Clinid

Heterostichus rostratus.jpg
Giant kelpfish, Heterostichus rostratus
Scientific classification
Kingdom: Animalia
Phylum: Chordata
Class: Actinopterygii
Order: Perciformes
Suborder: Blennioidei
Family: Clinidae
Swainson, 1839
Genera

Many; see text

Clinids are blennioids; perciform marine fish of the family Clinidae. Temperate blennies, the family ranges from the Atlantic, Pacific and Indian Oceans, in both the Southern and Northern Hemispheres. The family contains about 86 species in 20 genera, the 60-cm-long giant kelpfish (Heterostichus rostratus) being the largest; most are far smaller.

With small cycloid scales, clinoid blennies may have a deep or slender build; some members of the family bear the name "snake blenny" and "eel blenny" for this reason. Dorsal spines outnumber soft rays; there are two spines in the anal fin. Like many other blennies, clinids possess whisker-like structures on their heads called cirri.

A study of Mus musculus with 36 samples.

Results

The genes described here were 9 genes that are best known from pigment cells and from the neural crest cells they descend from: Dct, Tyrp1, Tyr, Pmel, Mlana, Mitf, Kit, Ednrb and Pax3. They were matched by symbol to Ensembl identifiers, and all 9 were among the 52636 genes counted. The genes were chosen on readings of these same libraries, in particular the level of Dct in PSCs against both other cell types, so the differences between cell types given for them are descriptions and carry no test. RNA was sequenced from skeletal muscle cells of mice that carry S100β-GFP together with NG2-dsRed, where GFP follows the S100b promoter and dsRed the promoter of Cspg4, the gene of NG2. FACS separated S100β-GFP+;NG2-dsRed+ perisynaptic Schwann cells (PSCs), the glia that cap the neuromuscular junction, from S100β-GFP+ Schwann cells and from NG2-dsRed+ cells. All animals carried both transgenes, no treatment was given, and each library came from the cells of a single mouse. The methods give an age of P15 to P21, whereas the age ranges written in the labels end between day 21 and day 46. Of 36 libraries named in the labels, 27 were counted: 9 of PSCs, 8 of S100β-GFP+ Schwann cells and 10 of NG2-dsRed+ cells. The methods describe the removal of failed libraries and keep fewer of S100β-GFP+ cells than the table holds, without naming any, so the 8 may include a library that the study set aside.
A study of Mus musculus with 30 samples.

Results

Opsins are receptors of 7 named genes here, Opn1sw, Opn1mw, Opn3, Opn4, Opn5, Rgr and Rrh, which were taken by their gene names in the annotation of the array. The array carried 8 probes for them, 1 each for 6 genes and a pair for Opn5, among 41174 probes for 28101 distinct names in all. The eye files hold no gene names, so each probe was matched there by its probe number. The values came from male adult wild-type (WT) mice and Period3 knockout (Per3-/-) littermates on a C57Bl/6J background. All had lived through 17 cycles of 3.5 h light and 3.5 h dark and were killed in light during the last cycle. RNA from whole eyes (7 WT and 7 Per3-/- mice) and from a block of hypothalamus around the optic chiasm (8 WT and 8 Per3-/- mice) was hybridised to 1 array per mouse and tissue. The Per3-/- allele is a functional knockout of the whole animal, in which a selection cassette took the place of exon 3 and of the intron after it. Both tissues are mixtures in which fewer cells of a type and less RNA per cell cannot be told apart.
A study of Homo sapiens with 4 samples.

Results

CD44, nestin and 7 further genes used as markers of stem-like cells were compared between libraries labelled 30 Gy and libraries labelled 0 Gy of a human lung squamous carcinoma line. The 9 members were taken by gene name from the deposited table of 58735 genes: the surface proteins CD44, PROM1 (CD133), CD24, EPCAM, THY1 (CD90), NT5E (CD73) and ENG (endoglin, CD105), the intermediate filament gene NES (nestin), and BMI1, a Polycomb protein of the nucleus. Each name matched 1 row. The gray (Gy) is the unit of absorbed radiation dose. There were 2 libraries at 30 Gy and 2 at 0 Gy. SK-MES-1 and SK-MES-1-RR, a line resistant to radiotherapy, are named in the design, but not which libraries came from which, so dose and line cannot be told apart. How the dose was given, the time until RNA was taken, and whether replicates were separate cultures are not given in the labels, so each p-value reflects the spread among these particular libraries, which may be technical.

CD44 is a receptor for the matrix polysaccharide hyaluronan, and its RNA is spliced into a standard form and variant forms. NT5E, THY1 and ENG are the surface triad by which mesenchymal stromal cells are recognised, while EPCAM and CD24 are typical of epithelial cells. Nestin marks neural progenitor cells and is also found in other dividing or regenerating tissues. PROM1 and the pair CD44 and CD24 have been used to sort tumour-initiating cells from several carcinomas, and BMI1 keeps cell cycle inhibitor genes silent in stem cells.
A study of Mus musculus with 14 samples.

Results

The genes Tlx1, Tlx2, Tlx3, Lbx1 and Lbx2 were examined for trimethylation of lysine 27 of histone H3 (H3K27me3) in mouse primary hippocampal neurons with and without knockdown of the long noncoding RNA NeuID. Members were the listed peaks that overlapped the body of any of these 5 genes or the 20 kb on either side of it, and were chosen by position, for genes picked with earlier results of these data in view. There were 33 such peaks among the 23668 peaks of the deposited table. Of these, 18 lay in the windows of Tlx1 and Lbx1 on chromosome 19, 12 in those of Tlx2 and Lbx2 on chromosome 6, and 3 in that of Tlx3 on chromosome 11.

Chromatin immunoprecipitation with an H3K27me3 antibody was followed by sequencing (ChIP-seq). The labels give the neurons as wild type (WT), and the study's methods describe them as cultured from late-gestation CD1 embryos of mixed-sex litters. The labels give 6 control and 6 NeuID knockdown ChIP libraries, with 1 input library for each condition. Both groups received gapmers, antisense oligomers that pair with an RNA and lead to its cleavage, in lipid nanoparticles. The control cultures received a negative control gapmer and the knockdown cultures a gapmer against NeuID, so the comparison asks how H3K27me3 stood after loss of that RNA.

The majority of species possess rich, highly variable coloration in shades of reddish-brown to olive, often with cryptic patterns; this suits the lifestyle of clinid blennies, which frequent areas of dense weed or kelp. Generally staying within intertidal zones to depths of about 40 m, some species are also found in tide pools. Eggs are deposited on kelp for the male to guard. Clinids feed primarily on small crustaceans and mollusks.

The name clinid derives from the Greek klinein meaning "sloping", a reference to the shape of the sphenoid bone.

Genera[1][edit]

Timeline[edit]

See also[edit]

External links[edit]

  1. ^ Froese, Rainer, and Daniel Pauly, eds. (2013). "Clinidae" in FishBase. April 2013 version.